2017-diamondtrust | Coastweek



to fisheries management: minister

DAR ES SALAAM Tanzania (Xinhua) -- The Tanzanian government said on Monday it has adopted an ecosystem approach to fisheries management and is promoting responsible fishing practices.

Minister for Livestock and Fisheries Luhaga Mpina said responsible fishing practices include reducing by-catch and other adverse ecosystem impacts of fisheries.

Opening the 10th Scientific Symposium of Western Indian Ocean Marine Science Association (WIOMSA) in Dar es Salaam, Mpina said some fish stocks are now under comprehensive management plans that include pelagic fishery, octopus fishery, prawn fishery and national tuna management.

He said Tanzania, like other countries in the Western Indian Ocean region, is well endowed with abundant natural resources—both renewable and non-renewable.

“Commercial fisheries, coastal tourism, shipping, coastal mining and more recently natural gas and oil in coastal and marine areas, are some of the most important industrial activities that take place in our coastal and marine areas,” Mpina told the symposium that has brought together about 500 scientists, students, managers, decision-makers, community groups and the private sector from more than 30 countries across the world.

He added that the economic value of the goods and services provided by the coastal and marine environment in the Western Indian Ocean region was recently estimated to be 20.8 billion U.S. dollars annually but it could be even higher.

“We treasure this ecosystem because of the essential goods and services it provides for economic development, but we also recognize that we face several challenges in our endeavors to manage our coastal and marine environments cooperatively and in an integrated and sustainable way,” the minister said.

WIOMSA President Jacqueline Uku said the association is dedicated to promoting the educational, scientific and technological development of all aspects of marine sciences throughout the region comprising Somalia, Kenya, Tanzania, Mozambique, South Africa, Comoros, Madagascar, Seychelles, Mauritius, and Reunion.

WIOMSA has a particular interest in linking the knowledge that emerges from research to the management and governance issues that affect marine and coastal ecosystems in the region, Uku said. 



Tanzania vows to dismantle poaching syndicates

DAR ES SALAAM Tanzania (Xinhua) -- Tanzania’s newly appointed Minister for Natural Resources and Tourism Hamisi Kigwangalla said on Monday the east African nation’s anti-poaching drive will now focus on the arrest of ringleaders and dismantling of poaching syndicates instead of seizure of ivory.

“The government will use intelligence to arrest poaching ringleaders,” he said in the country’s political capital, Dodoma.

He said the government is investigating a huge poaching syndicate.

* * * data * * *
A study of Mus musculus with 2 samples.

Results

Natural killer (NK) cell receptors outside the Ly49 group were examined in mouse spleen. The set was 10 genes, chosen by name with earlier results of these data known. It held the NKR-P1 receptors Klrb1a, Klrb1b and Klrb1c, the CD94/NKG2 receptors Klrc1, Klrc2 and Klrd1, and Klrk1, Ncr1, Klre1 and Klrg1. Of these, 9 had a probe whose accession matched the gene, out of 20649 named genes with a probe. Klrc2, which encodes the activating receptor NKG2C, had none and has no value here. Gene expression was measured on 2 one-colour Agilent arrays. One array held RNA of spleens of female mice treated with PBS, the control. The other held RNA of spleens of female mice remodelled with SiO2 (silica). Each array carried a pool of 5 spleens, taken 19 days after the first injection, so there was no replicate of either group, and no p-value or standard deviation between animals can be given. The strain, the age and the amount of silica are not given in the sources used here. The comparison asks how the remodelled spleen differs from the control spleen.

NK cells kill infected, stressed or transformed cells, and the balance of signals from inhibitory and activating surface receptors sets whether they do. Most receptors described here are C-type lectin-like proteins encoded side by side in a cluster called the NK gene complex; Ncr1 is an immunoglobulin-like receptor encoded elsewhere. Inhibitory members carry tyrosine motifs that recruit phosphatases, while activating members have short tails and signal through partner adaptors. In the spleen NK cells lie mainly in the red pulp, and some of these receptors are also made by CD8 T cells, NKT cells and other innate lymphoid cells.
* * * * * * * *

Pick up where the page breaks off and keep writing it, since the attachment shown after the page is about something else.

Kigwangalla said a hardcore poacher was arrested in Meatu district in Shinyanga region on Sunday as he was planning to kill a rhino in the Setrengeti National Park.

“The poacher was arrested in possession of 356 rounds of ammunition, two magazines and two saws,” the minister said.

In May, former Minister for Natural Resources and Tourism Jumanne Maghembe said poaching was still haunting Tanzania, with more than 7,000 related arrests in 2016-2017.

Tanzania was once home to 110,000 elephants but poaching resulted in the loss of almost 90 percent of the population in the last 40 years.


Tanzanian president calls for “human face” in house demolitions

ARUSHA Tanzania (Xinhua) -- Tanzanian president John Magufuli on Monday suspended the planned demolition of over 2,000 houses belonging to people who allegedly invaded plots set aside for airport, police and military use in lake zone region of Mwanza.

Magufuli issued the stop order when inaugurating the Furahisha pedestrian walkway in Mwanza city at the start of a two-day official tour of the region.

He halted the scheduled demolition exercises in Kayenze, Mhoze and Kigoto areas until he gives further instructions.

Magufuli said house demolitions should be done “with a human face” and without causing unnecessary hardships for the owners and their families.

He was responding to residents appealing for him to cancel the demolition exercise in the area surrounding Mwanza International Airport.

Such demolitions should be jointly reviewed by the Ministries of Home Affairs, Lands, Housing and Human Settlement Development, Defense and National Service, and Works, Transport and Communications, Magufuli said.

“I want the responsible ministers to sit down, work on the map, and come up with recommendations within 21 days,” he said, urging them to “put a human face to it” before submitting the recommendations to him for a final decision on what should be done.

“It is unfair to demolish houses that people have invested and lived in for over 30 years,” Magufuli said.

But he also pointed out that structures within the airport periphery and premises of Tanzania People’s Defense Forces need to be “bulldozed” to pave the way for the airport’s expansion to international standards so as to accommodate bigger planes to boost tourism.